Hey, Media: Don’t Lecture Black Women About Marriage

Racialicious' Latoya Peterson on the media's obsession with black women and marriage rates among African-Americans.

By Jorge Rivas Oct 21, 2011

In 2008, Oprah dedicated a show to discuss why 70 percent of of black woman were single. It’s since been a topic that CNN, the New York Times and every black news magazine covers at least once a year. Some have even called the coverage a "media obsession with unmarried black women." In an opinion piece for the The Guardian titled "Don’t lecture black women about marriage," Racialicious’ Latoya Peterson says falling black marriage rates aren’t the result of black women ‘being picky’, but of the complex politics of attraction.

Most recently, Stanford Law professor Ralph Richard Banks has been making the media round, from the Washington Post to The Economist, blaming black women for a supposed misfortune and chastising them on missing out on the wonders of marriage.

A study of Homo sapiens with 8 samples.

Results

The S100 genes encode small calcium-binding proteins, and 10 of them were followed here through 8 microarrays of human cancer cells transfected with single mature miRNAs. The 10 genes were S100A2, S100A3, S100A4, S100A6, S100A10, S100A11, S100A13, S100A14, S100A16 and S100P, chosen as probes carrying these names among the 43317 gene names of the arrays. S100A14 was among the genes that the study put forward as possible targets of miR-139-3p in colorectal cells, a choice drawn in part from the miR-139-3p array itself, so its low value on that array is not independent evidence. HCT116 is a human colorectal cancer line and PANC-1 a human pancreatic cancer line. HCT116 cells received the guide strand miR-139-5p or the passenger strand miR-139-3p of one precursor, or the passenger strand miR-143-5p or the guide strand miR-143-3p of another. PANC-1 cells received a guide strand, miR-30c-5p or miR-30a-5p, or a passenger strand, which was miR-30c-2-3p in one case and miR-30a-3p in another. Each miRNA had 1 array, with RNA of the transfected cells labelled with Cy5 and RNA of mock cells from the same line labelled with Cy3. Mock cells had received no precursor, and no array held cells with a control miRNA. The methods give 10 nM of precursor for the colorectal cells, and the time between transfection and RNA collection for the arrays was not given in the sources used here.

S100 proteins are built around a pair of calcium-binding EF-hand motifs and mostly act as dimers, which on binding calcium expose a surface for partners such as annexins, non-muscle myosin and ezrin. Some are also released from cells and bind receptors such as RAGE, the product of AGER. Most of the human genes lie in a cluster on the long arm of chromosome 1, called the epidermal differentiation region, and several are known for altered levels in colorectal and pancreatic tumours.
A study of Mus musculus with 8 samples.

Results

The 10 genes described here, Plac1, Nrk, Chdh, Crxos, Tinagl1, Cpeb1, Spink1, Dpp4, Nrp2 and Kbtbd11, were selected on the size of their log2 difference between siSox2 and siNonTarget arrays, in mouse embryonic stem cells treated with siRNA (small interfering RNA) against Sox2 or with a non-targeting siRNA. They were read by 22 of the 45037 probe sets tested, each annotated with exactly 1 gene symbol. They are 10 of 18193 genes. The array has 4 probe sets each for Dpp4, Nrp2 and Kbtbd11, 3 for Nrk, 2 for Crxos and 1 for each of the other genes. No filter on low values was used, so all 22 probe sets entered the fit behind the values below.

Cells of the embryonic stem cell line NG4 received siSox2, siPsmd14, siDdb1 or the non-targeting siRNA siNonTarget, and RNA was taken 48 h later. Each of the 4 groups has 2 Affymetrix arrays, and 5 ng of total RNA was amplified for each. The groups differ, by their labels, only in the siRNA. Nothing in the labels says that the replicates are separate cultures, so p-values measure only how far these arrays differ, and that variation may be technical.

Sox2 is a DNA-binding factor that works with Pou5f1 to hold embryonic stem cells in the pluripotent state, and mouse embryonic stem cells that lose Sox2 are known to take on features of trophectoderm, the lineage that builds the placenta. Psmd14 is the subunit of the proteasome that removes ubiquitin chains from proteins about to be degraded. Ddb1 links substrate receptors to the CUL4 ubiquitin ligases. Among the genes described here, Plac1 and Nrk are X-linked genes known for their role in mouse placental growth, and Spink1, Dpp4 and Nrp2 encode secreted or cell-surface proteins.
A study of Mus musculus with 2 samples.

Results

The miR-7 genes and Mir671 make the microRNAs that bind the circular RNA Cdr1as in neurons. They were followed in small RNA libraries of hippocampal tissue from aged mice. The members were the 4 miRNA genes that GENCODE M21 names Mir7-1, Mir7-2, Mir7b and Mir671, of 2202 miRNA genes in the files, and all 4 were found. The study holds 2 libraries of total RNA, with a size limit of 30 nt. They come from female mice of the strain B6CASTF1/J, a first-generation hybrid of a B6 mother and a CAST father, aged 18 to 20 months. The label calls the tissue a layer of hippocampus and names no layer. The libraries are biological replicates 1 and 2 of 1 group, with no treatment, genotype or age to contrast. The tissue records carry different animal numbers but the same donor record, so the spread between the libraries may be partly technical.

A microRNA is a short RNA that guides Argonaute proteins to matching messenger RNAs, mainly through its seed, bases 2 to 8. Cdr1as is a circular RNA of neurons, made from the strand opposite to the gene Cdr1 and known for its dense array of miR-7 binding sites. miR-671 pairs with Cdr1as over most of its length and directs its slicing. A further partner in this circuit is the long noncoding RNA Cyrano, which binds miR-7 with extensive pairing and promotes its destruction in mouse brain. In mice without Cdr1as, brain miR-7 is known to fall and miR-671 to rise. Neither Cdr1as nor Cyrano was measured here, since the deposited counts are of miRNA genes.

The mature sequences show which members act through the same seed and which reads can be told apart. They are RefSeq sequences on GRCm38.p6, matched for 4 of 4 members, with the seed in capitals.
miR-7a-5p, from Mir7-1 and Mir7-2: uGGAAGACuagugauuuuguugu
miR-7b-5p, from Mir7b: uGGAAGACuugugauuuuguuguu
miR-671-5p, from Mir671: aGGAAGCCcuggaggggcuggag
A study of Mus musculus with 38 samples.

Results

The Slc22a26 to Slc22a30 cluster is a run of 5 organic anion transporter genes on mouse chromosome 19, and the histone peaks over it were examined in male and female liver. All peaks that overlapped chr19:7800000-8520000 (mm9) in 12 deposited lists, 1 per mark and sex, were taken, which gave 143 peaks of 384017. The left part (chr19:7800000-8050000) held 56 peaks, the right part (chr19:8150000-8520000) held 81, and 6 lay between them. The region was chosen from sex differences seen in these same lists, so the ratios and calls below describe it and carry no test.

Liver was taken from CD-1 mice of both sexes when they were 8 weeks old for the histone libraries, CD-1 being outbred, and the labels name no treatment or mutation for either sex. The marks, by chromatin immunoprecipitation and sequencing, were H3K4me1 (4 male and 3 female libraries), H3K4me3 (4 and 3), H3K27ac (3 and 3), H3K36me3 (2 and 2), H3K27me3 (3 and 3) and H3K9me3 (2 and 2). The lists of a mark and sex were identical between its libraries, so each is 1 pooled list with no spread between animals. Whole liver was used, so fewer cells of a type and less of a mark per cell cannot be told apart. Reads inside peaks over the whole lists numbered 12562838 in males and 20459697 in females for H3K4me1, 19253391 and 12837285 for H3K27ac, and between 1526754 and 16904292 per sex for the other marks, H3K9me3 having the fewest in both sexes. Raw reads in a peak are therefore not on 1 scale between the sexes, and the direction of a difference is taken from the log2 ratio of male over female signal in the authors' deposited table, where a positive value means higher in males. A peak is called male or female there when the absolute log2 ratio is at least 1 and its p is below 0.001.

Peterson starts off by reminding us that in this day and age, it’s not just black woman re-evaluating marriage. 

Here’s a snippet:

In times of slavery, black women did want to be married – but the main focus was on creating a stable family unit, official or otherwise. More contemporary battles over marriage revolve around the changing needs of citizens, particularly those in same-sex relationships, or those with non-traditional families. And who said marriage is still the ultimate end goal?

In their quest to sell books and make media appearances, they bulldoze the individual nature of the mating game in the rush to diagnose millions of people with the same problem. The truth is, there are many reasons why people find themselves single. Sometimes, it’s their own attitudes. But many other times, the timing just isn’t right, their careers are too demanding, or they need to focus elsewhere. As a black woman who has been in a committed relationship for five years, nothing is more obvious to me than how random circumstance plays a major role in many happy relationships. If I hadn’t missed a concert, I wouldn’t know my boyfriend; if one of my friends hadn’t gone to Mali with the Peace Corps, she would have never been on the same continent as her now-husband; if another friend hadn’t missed her original train and hadn’t been wearing a sweatshirt from her alma mater, she would have never met the man she would marry.

Dating, love, and marriage are far more complicated than self-proclaimed experts would have us believe. Statistics can show all kinds of trends, but ultimately, life, liberty, and the pursuit of happiness (in a relationship) is the province of each individual.